SDCC: Marvel: Spider-Man and His Amazing Friends Panel
I have a confession to make: I didn’t understand at first what Creator-Owned Heroes is. It’s my fault, because it looks like a magazine, and Jimmy Palmiotti, Justin Gray and Steve Niles say very clearly right there in the first issue that that’s what it is, but I stubbornly insisted on looking at it as an anthology comic with some text pieces in the back. I figured that I would wait on the eventual collections and read the comics in larger chunks.
This week, though, I realized that reading four issues back to back actually is reading in bigger chunks, so I bought the issues I’d missed and caught up. Doing that convinced me that Creator-Owned Heroes isn’t something that’s going to be replicated very well in a collected volume. Most obviously, you’d lose the timeliness of the text pieces. Each of the three writers has a monthly column, but there are also recommendations of movies, products, and other people’s comics. None of that would hold up very well in a permanent, collected form. It’s not designed to.
But more importantly, not even the comics are designed to be collected. Each issue has two, 11-page comics, one written by Palmiotti and Gray, the other by Niles. In the first four issues, Palmiotti and Gray teamed up with Phil Noto for “Triggergirl 6,” about the most recent in a line of assassins that have become famous for their relentless, exclusive targeting of the President of the United States. Niles partnered with Kevin Mellon for “American Muscle,” a post-apocalyptic drama about a group of young people driving muscle cars (while also fighting mutants) toward what they hope is the Promised Land.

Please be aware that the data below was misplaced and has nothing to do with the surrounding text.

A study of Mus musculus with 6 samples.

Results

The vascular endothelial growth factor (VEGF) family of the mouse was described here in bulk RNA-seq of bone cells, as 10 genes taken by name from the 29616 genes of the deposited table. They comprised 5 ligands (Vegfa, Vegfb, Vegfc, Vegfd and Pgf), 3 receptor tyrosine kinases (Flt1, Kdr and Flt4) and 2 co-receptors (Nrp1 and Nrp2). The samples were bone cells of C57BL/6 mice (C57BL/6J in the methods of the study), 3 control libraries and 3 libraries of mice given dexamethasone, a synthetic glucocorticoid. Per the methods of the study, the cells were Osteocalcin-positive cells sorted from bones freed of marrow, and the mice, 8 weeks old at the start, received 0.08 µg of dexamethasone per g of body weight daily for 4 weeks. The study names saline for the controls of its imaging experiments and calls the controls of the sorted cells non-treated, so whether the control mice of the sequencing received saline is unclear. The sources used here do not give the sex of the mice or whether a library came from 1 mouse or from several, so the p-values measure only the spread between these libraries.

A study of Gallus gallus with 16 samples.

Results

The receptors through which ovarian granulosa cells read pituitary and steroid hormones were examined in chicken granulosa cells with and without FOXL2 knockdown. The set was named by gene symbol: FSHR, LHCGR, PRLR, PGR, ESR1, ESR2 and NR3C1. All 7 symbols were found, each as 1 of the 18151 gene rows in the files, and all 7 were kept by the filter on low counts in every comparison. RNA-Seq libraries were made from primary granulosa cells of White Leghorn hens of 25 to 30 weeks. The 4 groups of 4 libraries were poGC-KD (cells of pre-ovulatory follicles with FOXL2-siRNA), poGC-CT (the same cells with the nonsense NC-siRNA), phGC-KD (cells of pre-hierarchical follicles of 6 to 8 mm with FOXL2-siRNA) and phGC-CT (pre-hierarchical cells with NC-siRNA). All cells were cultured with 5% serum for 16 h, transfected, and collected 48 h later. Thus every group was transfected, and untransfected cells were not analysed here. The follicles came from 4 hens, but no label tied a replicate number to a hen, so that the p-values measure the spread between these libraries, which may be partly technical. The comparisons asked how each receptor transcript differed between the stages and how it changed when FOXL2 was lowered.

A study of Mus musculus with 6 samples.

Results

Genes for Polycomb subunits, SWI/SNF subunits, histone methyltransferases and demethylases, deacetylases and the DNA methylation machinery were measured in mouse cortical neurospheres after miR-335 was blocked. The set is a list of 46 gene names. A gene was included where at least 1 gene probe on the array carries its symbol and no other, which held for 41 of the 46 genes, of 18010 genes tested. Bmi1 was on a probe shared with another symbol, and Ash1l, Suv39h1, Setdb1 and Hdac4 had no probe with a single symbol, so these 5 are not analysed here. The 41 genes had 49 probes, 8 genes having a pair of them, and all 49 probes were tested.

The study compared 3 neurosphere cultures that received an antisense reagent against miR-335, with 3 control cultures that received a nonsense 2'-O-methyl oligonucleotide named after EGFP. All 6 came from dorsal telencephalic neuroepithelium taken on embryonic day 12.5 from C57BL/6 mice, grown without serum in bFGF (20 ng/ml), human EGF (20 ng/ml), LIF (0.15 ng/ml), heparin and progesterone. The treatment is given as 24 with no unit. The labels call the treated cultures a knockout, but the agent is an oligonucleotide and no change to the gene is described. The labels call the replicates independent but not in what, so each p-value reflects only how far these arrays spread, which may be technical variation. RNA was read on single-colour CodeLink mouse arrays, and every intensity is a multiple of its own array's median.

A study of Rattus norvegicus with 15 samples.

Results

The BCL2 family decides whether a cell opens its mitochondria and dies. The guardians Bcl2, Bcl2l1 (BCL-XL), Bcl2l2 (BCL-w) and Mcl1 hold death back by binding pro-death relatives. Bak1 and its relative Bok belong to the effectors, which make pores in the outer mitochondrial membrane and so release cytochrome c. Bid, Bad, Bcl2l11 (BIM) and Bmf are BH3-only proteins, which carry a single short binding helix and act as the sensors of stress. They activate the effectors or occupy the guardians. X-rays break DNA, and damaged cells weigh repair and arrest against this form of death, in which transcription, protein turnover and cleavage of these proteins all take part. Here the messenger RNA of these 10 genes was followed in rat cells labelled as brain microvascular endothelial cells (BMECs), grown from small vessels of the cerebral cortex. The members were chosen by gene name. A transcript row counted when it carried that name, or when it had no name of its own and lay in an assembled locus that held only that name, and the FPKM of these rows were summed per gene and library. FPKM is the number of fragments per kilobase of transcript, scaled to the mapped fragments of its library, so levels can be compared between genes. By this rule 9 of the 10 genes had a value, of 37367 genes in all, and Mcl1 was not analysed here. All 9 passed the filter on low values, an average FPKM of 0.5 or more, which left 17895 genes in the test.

The thing is, in Creator-Owned Heroes #5, the artists and stories will change. Palmiotti and Gray will collaborate with Jerry Lando and Paul Mounts on a story about a killer with a contract on his own head, while Niles will work with co-writer Jay Russell and artist Andrew Ritchie on a Western called “Black Sparrow.” What that means is there are only 44 pages of “Triggergirl 6” and “American Muscle.” I enjoyed both of those stories enough to hope that they return in future issues, but if the format continues the way it is, it’ll be a while before they cycle back and a really long time before they’re collected outside of the magazine format. And that’s the way it’s meant to be. I don’t lament that they’re being switched out for new stories, because I’m excited to see what’s coming next, especially with “Black Sparrow.”
Creator-Owned Heroes costs $3.99, no more than an issue of a regular comic book, but it’s a packed reading experience. It has as many pages of comics as a regular comic book, but the columns and interviews and how-to articles are as much a part of the package as the stories. More than anything else on the comic shelves, Creator-Owned Heroes is uniquely designed to be a monthly purchase and that’s how I’ll be buying it from now on.